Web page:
When one of the big tech companies starts struggling, people notice. And when that name is Facebook (NASDAQ:FB), it has the potential to affect a lot of people. After all, Facebook stock is one of biggest names on Wall Street, with a market capitalization of more than $765 billion.
Facebook has been a reliable performer over the last few years, climbing more than 200% since 2016. But Facebook stock is stumbling out of the gate in 2021, down about 2% so far this year.
Part of this is political backlash. Facebook and other Big Tech companies temporarily suspended President Donald Trump’s account on its platform as well as Instagram. Those moves triggered complaints of censorship as some of Trump’s supporters began seeking out alternative platforms.
There also have been plenty of calls by Trump and his supporters in the Republican Party to repeal Section 230 of the Communications Decency Act. The repeal would be a way to punish Facebook and other social media platforms, but it’s unlikely that such an effort will find traction under President-elect Joe Biden’s administration and Democratic control of both houses of Congress.
Regardless, the controversy hasn’t been good for Facebook stock.
Facebook Stock at a Glance
Regardless of where you fall on the Section 230 debate, there’s no denying that Facebook is a juggernaut. Third-quarter earnings included $21.5 billion in revenue, which was a 22% increase from a year ago. Analysts had expected $19.84 billion. Earnings per share (EPS) also beat analysts’ expectations, recording $2.71 per share versus $1.91 the previous year.
Facebook said it had 1.82 billion daily active users, which was up 12% from a year ago. Monthly active users came in at 2.74 billion, which was also an increase of 12%.
That kind of advertising reach is unmatched in other social media platforms, and it’s a huge revenue stream for Facebook stock. The company said it earned $21.2 billion in advertising revenue, which was a 22% increase from a year ago.
The only real red flag in the report was that Facebook saw a slowdown in growth from the second quarter to the third quarter from the U.S. and Canada. The company says that is a result of higher-than-anticipated traffic in Q2 as the novel coronavirus pandemic took hold in North America.
So, it won’t be a surprise to see a similar slowdown in Q4, considering how elevated Facebook’s numbers were in the second quarter of 2020.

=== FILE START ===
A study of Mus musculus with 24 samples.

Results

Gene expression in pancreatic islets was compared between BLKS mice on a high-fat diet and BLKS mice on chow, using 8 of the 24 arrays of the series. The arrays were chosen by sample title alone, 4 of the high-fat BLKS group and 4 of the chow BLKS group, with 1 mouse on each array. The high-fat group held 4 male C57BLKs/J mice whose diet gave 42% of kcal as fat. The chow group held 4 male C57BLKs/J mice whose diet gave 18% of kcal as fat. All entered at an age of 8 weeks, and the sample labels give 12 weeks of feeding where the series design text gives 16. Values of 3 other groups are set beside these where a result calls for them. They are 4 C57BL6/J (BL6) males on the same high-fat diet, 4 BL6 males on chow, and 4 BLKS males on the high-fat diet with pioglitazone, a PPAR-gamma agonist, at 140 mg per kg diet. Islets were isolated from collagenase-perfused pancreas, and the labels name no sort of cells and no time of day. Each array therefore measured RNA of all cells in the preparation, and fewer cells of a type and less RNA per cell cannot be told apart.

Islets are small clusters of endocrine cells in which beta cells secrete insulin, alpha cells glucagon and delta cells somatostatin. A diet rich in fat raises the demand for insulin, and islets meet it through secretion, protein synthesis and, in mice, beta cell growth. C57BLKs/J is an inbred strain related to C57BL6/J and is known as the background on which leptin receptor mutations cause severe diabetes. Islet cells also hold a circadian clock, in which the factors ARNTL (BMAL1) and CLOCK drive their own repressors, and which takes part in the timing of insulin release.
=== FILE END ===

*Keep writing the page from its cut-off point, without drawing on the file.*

As I wrote recently, Facebook is also facing antitrust lawsuits by the Federal Trade Commission and 46 state attorneys general. The lawsuits call for Facebook to divest itself of its Instagram and WhatsApp products, breaking into smaller companies.
Even if Facebook loses those lawsuits — and that’s a distinct possibility — its unlikely that the company would be forced to break up. It’s much more likely that the company will be forced to pay a fine and to withstand closer regulation.
Neither of those outcomes would have a long-term impact on Facebook stock.
The Bottom Line
Facebook will report its fourth-quarter and full-year 2020 earnings on Jan. 27, and I’m expecting more big numbers for FB stock.
While analysts will undoubtedly ask CEO Mark Zuckerberg about the antitrust lawsuits, Section 230 and backlash from Trump supporters, the most significant numbers will be Facebook’s continued growth path in monthly average users, daily average users and advertising growth.
If Facebook can continue its upward trend in those categories, the slight drop in FB stock to start 2021 is going to be a distant memory.
In fact, this period in January may be seen as a rare buying opportunity to get Facebook stock while its roughly 20% off its all-time highs.
On the date of publication, Louis Navellier had a long position in FB. Louis Navellier did not have (either directly or indirectly) any other positions in the securities mentioned in this article.
The InvestorPlace Research Staff member primarily responsible for this article did not hold (either directly or indirectly) any positions in the securities mentioned in this article.
Louis Navellier had an unconventional start, as a grad student who accidentally built a market-beating stock system — with returns rivaling even Warren Buffett. In his latest feat, Louis discovered the “Master Key” to profiting from the biggest tech revolution of this (or any) generation.